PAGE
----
It All Starts With Housing

In 1998, when our founders Deanne Pearn and Amy Lemley were graduate students at the UC Berkeley Goldman School of Public Policy, they launched the First Place Fund to offer microgrants to help four young people aging out of foster care cover the move-in costs of their very first apartments. The fund aimed to address the tremendous barriers facing foster youth in an important rite of passage to adulthood – living independently.  

Back then, the average one-bedroom Oakland apartment rented for $725 per month, and the Alameda County minimum wage was just $5.75—meaning that working full time for four weeks, a young adult could earn a whopping $920/month before taxes, not nearly enough for rent, groceries, utilities, childcare, transportation and any other expenses. Today, the minimum wage has tripled, but the average one-bedroom rental costs 4.5x times as much – $3,297 – in Oakland.  

“California leads the nation in the variety and richness of supports for former foster youth ages 18-25, but its housing costs are so high that foster youth still face huge barriers to stable housing when they exit foster homes of their childhood,” said Thomas Lee, First Place for Youth CEO, citing the CalYOUTH 2021 survey findings that one in four foster youth surveyed said they had been homeless between the ages 18 and 23. “At First Place for Youth, our work supporting youth transitioning out of foster care has always started with housing.” 

With few family supports, scant credit, and lack of experience stretching their paychecks to pay rent from one month to the next, foster youth can struggle to come up with move-in costs and monthly rental payments. Not surprisingly, 43% of the foster youth entering our My First Place Program™ say they have been homeless.  

“I believe that home is what you make of it and it can be almost anywhere. First Place provided me a home right in the Bay Area, where the cost of living is so high, so that I can do what I need to succeed,” said Aaron, a My First Place participant. “I can work and go to school knowing that I have a safe space to call home.”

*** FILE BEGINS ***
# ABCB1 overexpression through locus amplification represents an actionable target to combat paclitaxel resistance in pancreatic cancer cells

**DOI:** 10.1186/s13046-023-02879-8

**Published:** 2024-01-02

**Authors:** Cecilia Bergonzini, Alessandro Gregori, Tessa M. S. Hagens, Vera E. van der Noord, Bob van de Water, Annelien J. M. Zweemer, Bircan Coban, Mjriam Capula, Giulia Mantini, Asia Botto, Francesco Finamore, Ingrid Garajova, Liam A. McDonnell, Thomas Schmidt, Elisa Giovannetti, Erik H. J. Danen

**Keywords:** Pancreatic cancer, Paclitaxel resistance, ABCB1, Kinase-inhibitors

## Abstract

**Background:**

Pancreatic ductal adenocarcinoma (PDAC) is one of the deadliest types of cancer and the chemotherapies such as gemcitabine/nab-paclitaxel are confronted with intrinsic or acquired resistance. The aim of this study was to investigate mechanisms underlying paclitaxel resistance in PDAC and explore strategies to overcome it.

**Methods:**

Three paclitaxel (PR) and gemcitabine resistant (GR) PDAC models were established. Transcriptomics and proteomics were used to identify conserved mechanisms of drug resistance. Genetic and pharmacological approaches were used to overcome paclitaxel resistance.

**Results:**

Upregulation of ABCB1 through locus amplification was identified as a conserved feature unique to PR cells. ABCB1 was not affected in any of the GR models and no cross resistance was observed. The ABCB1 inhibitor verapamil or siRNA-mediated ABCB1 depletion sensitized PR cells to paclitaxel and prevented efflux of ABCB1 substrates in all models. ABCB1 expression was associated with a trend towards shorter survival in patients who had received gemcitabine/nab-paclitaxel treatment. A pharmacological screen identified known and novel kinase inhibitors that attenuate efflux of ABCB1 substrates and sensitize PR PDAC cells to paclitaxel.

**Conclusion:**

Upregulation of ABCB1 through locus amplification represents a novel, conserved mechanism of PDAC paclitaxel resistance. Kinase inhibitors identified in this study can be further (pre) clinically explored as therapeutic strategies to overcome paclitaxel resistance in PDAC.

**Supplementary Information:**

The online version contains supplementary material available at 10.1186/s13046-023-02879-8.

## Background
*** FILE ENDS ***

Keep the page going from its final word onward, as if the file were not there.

Our My First Place program offers older foster youth a safe place to call home so they can take time to plan their futures, meet each week with their youth advocates, and plot the best employment and education pathways with their Employment & Education specialists. Our participants don’t pay rent to live in a My First Place apartment, but they do learn what it means to maintain their home. 

Golden Brooms and much more

Using a variety of indicators, including our Golden Broom inspection awards and household management metrics, our participants learn household management skills. They learn to budget; keep safe, stable homes; and maintain positive roommate relations—a key housing stability indicator. On average, our participants earn 94% on the metrics we use to measure their housing stability and with that knowledge, they learn how to secure and maintain stable housing upon exit.

What started with just four youth in one Bay Area city has now expanded to over 500 youth housed in California, and more than 600 nationwide each year. We know housing isn’t the only factor setting foster youth up for positive futures, but for the 11,000 plus foster youth who have built their futures in First Place-funded housing since we were founded, we have modeled programs in California and the rest of the country that have laid the foundation to serve thousands more young adults. With the help of our partners and supporters, we know that those lessons will help hundreds of thousands more who will age out of care in the years to come.